Legendary Parandero Laid to Rest

On Saturday, in Punta Gorda, the man dubbed the King of Paranda was laid to rest at the age of eighty-six. Paul Nabor’s send-off was spectacular, and aside from the pomp and ceremony of an official funeral, included a concert held by his friends and musical colleagues, who said their goodbyes and celebrated his life with song. It was a weekend filled with passion, symbolism and an immense outpouring of the rich, vibrant Garifuna culture. News Five was there for the weekend and we have extensive coverage. We start with the official funeral held at St. Peter Claver Church in Punta Gorda Town. Mike Rudon was there and has the story.


Mike Rudon, Reporting

Paul Nabor, known as Alfonso Palacio in a former life,  was laid to rest as he had lived his life – humbly, surrounded by loved ones, with passion and with song. His send-off was testimony to the impact he made on his people and his country, befitting the esteem in which this musical legend was held. Some persons travelled from far to say goodbye, but probably just as he would have wished it, the majority of those in the church Saturday morning were family, friends, and those from the community who knew and loved him. Nabi, the man and the musician, was much loved and respected.


Yasser Musa

Yasser Musa, Artist

“Your voice is a drought and a deluge. It is African, Amerindian, Garifuna and Belizean…it is a cry of anguish, a sultry, seductive lovemaking under thatched moon. Nabi, in the twilight you took to the world stage, educating younger artists. In the pedagogy of proceeding, you didn’t need to go. You did it for them, always willing to help, showing that art is not about glory, but about how to live.”


Robert Mariano

Robert Mariano, President, National Garifuna Council

“Thank you for your contribution in keeping Garifuna culture alive all over the world. Like a great actor, you have made your last stage performance. You have given your last act and now you have taken the backstage for the curtain to be drawn one last time. May Joseph Chatoyer, Alejo Beni, Thomas Vincent Ramos, Pablo Lambey, Gabaga, Junior Aranda, Mr. Cookie and also Andy Palacio and all the ancestors come to meet you in the glory of the Almighty.”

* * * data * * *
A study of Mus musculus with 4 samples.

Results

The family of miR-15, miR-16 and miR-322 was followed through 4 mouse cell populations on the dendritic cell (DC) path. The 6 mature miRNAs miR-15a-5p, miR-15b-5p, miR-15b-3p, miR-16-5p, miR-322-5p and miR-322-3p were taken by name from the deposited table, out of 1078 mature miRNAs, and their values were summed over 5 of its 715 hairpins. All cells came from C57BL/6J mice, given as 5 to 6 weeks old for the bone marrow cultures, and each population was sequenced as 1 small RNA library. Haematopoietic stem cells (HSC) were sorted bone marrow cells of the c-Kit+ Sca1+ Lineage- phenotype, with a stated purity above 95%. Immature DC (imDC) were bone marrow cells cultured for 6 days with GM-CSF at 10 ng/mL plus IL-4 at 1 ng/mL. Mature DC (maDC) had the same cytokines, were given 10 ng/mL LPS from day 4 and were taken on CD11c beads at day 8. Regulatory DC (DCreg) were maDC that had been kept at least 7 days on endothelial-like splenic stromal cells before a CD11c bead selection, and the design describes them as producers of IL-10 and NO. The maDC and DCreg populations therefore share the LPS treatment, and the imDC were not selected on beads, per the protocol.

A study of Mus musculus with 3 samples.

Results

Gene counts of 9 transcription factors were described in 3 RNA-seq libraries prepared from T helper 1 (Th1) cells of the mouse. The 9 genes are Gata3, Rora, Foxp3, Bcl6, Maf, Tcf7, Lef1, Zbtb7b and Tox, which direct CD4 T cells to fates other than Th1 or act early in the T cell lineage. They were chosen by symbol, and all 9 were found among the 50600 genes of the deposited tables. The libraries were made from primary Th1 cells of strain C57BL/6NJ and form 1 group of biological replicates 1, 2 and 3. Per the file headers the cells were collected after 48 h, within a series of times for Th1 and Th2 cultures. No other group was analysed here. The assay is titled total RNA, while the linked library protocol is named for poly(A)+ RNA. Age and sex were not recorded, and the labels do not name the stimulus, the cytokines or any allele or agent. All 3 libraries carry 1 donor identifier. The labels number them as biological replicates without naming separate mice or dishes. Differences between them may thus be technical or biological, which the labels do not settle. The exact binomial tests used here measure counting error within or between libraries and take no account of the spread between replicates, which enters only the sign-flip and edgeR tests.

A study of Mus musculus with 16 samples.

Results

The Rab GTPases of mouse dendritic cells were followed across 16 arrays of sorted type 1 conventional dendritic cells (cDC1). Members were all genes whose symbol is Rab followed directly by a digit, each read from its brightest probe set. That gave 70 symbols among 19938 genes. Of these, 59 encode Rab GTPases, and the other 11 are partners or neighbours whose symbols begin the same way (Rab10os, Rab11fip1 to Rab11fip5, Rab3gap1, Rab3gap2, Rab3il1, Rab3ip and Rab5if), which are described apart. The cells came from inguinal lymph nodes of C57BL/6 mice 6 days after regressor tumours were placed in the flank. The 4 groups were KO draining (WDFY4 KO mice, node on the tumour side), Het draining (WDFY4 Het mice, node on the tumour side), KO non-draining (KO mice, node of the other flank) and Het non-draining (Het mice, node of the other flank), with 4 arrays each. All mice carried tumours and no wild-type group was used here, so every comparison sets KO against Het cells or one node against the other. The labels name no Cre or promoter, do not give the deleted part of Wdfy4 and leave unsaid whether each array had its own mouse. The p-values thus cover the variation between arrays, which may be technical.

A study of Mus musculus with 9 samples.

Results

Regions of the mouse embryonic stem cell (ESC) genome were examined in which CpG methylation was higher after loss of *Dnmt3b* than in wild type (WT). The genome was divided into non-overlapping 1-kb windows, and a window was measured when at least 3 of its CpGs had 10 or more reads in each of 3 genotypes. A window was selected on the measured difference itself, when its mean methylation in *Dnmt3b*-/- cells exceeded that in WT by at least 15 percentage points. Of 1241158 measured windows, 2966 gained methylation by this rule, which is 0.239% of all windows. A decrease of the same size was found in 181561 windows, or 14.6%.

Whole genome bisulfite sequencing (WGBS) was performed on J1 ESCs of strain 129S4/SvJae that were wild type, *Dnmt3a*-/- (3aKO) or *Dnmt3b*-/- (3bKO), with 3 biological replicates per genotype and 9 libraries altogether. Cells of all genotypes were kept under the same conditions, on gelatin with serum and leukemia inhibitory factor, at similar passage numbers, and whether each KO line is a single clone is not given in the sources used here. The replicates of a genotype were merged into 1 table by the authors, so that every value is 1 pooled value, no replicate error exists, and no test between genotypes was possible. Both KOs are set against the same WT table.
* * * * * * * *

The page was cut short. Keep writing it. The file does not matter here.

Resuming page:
Paul Nabor will be remembered by the nation as the King of Paranda, a title to which he held undisputed claim in his later years. Music was a part of his everyday life and he was rarely without his guitar, but in his lifetime he only recorded ten songs. Aside from Paul Nabor the musical artist, there was Nabor the man – a sawmill worker, chiclero, fisherman and buyei, fruit company worker, songwriter and father to his only child, Monica Marie Martinez.


Monica Marie Martinez, Daughter of Paul Nabor

Monica Marie Martinez

“He always told me – daughter, I have to do good things for people in order for you to have good things in your life. God will bless you daughter, abundantly, because you were not a child that gave me and my sisters who raised you problems. If you are a problem now, you’re on your own. But when you were growing up you were a good child. And that is nice to hear and keep in your memory from a father that is so loving, caring and giving. When he didn’t have it to give it to me, his sisters did, and I thank each and every one of them because they taught me love.”


Nabor’s life was celebrated in church through song, the passionate rhythms which were so much a part of his life. And the man he considered a son said goodbye with the words of the song made famous by Nabor himself.


{Song by Aurelio Martinez…}


As much as the funeral was a celebration of his life, the grief of his passing lay heavy on the shoulders of those who loved him – his family and close friends – and perhaps especially on the shoulders of his only daughter, who honoured her father one last time.


{Song by Daughter, Monica Marie Martinez…}


The ceremony lasted a full two hours before the body of the legendary parandero was led to his final resting place, escorted by the B.D.F. guard and the rhythmic voices of his Garifuna people. Mike Rudon for News Five.